Spring Thunderstorms Bring… Falling Trees!

Spring and summer in Ohio often means heavy rains and thunderstorms that cause trees and large branches to fall, sometimes causing damage to property. As a result, many community association board members inquire as to who is responsible for falling branches and trees.  The basic Ohio rule is that when a branch or tree falls, where it lands, not where it came from, determines who is responsible for the cleanup of the tree and any damage the fallen tree or branch may cause.  There are, however, limited exceptions to the basic Ohio rule.

The typical scenario is an owner wakes up the morning after a heavy Ohio windstorm to find a tree or branch from a neighbor’s home has fallen and caused damage to the community association’s common elements.  Even though the tree or branch did not originate on the community association’s property and is owned by the neighboring home owner, the cost to repair the damage is still the responsibility of the community association.  The only time the liability for the tree damage or the cost of cleanup switches to the owner of the tree, is if the tree was dead or partially dead and should have been cut down before it fell.  If the neighboring home owner knew or had reason to know that the tree was diseased or damaged, the neighboring home owner has the responsibility to cut down the tree before any damage could occur to the community association and is responsible for the liability and cost of damage and cleanup.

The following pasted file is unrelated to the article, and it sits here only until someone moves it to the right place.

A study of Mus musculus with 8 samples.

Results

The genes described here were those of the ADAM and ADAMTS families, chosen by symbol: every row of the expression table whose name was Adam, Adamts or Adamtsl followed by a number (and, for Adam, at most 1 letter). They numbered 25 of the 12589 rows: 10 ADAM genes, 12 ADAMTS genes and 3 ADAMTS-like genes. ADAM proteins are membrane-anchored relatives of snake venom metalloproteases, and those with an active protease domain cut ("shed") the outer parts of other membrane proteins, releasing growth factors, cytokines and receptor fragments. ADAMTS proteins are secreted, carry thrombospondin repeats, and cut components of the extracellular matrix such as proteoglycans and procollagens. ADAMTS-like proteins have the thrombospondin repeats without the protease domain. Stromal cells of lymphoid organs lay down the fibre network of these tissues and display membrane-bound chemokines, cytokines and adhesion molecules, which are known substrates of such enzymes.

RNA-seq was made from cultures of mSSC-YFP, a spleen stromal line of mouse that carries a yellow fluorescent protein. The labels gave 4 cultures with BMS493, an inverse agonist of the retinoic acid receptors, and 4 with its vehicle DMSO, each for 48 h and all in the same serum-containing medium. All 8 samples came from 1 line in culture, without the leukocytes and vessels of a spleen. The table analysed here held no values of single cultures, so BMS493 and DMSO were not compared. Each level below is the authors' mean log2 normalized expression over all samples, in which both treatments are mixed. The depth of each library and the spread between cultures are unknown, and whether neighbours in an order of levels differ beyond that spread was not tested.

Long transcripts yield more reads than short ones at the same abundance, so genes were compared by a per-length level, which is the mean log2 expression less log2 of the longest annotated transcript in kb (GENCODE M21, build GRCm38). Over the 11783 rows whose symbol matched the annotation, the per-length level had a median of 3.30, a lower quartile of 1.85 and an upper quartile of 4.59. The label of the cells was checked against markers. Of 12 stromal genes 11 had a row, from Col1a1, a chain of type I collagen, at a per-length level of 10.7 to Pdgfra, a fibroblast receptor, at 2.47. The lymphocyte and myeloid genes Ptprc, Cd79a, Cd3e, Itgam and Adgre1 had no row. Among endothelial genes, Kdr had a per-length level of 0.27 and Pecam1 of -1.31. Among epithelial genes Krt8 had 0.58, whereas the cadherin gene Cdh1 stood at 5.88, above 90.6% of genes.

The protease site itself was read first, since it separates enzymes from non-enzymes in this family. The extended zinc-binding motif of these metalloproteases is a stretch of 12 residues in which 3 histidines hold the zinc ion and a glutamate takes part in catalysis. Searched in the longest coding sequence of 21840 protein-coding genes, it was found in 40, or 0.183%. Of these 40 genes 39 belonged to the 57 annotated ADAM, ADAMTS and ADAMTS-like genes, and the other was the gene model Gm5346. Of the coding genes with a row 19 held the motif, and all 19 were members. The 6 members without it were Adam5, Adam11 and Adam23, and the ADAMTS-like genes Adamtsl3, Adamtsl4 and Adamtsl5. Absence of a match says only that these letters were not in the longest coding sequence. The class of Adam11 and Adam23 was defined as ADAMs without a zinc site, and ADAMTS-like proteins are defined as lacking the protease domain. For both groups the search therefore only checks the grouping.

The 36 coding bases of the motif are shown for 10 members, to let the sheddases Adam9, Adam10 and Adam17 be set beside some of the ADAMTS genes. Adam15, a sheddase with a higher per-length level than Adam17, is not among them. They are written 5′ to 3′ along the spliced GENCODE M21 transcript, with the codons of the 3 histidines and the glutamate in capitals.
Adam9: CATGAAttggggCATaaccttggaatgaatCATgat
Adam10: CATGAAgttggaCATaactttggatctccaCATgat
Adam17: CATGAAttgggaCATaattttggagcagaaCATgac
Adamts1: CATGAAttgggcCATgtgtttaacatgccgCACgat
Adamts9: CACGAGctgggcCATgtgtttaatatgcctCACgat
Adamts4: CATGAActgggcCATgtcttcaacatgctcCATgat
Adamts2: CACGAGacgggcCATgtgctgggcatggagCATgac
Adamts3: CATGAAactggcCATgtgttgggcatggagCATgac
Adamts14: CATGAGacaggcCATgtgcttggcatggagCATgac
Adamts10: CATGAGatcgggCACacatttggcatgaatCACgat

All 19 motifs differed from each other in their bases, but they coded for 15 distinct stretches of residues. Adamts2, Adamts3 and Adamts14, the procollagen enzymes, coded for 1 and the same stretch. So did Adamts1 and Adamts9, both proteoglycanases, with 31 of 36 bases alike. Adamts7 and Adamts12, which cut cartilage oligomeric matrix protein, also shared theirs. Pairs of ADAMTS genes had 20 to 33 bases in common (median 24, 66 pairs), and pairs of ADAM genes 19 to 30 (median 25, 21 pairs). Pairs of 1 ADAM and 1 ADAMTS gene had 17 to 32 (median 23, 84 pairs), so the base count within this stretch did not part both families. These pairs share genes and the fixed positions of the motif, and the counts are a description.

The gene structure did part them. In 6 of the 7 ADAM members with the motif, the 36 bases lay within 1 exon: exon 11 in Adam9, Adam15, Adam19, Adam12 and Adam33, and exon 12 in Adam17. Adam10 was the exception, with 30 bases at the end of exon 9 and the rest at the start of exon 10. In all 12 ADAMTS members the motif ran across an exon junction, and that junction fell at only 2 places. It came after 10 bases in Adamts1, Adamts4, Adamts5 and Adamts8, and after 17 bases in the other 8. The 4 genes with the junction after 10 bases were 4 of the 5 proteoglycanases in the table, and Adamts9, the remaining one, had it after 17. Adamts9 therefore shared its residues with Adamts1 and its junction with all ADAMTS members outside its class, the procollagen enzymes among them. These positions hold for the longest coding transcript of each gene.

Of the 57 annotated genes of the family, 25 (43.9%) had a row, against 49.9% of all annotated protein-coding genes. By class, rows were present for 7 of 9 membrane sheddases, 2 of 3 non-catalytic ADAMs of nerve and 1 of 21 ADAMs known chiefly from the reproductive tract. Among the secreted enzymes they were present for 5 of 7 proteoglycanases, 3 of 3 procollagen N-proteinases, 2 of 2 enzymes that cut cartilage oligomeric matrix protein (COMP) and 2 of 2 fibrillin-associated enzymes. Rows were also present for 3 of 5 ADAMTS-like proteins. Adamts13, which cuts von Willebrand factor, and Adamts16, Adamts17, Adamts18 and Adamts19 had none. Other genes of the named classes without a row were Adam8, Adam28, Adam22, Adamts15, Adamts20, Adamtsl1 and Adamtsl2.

Ohio property owners are generally responsible for the reasonable inspection and maintenance of all trees located on their property. For community associations, this applies to any tree located on the common elements. Kaman & Cusimano recommends that the association’s board and/or manager conduct annual tree inspections.  This spring when the board is conducting its annual walk through of the property, take great care to inspect all trees in the common elements and on the edge of any woodlands.  And if a tree is diseased or damaged, the board should take steps to immediately hire a contractor to remove the tree.